By Kyle Mizokami, popularmechanics.com
The bomber flight was a provocative glimpse at war war might look like.
A pair of Russian strategic heavy bombers recently flew near an important U.S. military base in the Aleutian islands chain. The bombers were intercepted by Alaska-based U.S. Air Force F-22 Raptor fighters, but at no point entered U.S. airspace. The exercise may be an early part of, or training for, this month’s Vostok-2018 Russian military exercises.
According to the Washington Free Beacon, the two Tu-95MS “Bear” bombers flew near the Shemya island in the Aleutian islands chain. Shemya is home to the Eareckson Air Station and the gigantic, 120-foot-tall Cobra Dane early warning radar.
The Tu-95 bomber first flew in 1952. Modernized versions fly today as the Tu-95MS cruise missile carrier. The Tu-95MS is basically similar to American B-52 bombers: an aging but reliable bomb truck that can also attack heavily defended targets with long-range cruise missiles. The Tu-95MS is so old it uses contra-rotating propellers instead of jet engines.
The flight near Shemya is particularly aggressive Russian move, as the Tu-95MS typically carries up to eight Kh-102 long-range cruise missiles. A nuclear-armed version of the Kh-101 missile used against ISIS targets in Syria, the Kh-102 is a subsonic, somewhat stealthy missile similar to the American Tomahawk with a range of 3,102 miles. In the event of a nuclear war, Tu-95s would likely attack Cobra Dane and the U.S. Ground Based Midcourse Defense missile system on mainland Alaska with Kh-102 cruise missiles.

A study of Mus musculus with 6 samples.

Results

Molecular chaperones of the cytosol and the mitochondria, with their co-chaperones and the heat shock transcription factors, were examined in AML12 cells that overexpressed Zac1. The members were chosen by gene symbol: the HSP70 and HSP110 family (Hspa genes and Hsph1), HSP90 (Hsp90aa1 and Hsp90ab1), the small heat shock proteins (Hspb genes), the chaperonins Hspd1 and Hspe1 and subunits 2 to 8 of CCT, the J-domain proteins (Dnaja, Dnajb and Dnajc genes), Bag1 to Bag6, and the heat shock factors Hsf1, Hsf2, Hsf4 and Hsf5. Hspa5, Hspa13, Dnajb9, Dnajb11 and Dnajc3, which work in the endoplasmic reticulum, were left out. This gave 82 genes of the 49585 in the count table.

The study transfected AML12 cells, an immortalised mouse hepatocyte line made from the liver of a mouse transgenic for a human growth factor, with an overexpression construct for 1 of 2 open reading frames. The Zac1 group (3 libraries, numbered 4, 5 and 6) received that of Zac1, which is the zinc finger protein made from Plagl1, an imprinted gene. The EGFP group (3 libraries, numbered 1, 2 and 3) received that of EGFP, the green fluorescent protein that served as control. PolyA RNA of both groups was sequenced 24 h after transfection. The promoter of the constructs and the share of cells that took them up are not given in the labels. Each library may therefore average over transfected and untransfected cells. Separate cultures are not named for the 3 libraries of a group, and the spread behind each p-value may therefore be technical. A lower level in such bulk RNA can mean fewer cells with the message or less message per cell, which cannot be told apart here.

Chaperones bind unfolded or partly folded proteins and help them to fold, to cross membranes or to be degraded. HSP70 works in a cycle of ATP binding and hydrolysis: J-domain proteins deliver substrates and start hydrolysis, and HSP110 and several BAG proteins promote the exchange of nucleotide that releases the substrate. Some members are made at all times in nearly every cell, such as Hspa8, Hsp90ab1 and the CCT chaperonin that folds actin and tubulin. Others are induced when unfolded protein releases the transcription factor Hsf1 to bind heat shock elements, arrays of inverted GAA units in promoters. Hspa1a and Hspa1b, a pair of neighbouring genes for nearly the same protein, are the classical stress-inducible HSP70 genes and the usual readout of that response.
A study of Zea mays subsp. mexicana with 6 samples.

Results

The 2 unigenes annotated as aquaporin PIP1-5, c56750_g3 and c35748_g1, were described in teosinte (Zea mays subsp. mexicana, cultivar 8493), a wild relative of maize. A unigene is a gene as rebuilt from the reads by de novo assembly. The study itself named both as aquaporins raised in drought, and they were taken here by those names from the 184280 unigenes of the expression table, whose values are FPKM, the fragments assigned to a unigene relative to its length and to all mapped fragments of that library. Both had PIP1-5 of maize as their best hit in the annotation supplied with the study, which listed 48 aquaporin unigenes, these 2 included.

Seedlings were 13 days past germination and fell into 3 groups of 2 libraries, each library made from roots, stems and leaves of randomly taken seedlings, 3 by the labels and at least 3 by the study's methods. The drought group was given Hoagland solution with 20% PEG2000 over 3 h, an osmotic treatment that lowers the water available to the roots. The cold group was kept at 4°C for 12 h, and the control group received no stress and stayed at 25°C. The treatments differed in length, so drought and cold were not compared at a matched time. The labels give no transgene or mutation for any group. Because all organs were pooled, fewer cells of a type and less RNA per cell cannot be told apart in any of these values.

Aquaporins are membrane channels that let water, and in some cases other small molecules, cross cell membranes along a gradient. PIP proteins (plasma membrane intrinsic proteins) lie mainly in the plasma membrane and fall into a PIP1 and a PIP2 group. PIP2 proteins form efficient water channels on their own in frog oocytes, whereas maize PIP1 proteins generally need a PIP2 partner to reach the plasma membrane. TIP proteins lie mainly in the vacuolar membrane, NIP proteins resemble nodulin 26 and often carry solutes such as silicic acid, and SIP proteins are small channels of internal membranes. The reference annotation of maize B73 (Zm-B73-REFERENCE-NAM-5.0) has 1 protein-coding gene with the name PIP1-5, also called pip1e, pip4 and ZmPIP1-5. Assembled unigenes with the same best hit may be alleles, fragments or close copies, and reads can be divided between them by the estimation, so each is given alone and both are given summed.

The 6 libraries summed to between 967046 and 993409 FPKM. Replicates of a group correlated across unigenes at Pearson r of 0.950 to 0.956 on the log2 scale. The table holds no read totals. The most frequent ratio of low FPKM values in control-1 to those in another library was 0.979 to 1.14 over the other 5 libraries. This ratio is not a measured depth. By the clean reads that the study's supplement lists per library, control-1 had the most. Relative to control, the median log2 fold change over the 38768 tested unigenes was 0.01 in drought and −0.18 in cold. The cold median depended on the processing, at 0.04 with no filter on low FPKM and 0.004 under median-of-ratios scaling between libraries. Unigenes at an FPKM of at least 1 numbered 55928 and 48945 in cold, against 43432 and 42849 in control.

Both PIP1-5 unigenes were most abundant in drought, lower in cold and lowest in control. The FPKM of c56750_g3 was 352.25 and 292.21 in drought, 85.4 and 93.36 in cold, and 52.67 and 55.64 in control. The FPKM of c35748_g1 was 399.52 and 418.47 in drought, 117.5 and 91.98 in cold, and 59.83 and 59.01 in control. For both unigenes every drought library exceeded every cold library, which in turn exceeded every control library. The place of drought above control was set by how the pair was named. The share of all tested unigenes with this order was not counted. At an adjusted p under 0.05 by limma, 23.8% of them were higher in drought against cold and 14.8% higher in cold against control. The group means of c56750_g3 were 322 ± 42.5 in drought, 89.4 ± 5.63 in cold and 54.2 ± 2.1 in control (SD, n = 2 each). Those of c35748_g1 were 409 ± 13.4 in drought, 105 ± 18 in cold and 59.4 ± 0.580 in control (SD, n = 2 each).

According to NORAD the Russian bombers entered the Alaska Air Defense Identification Zone, or ADIZ. ADIZ are established by countries as locations where foreign aircraft can assume they will be tracked and questioned but are otherwise free to pass through. As the map above shows, the Alaska ADIZ actually butts right up against Russian airspace and covers most of the Bering Sea, making entering it less of a big deal than it sounds. The bombers did not enter U.S. airspace.
The bombers were accompanied on their trip by an Il-78 “Midas” aerial refueling aircraft. Later in the flight they were escorted by F-22 Raptor fighters from the Alaska-based 3rd Wing.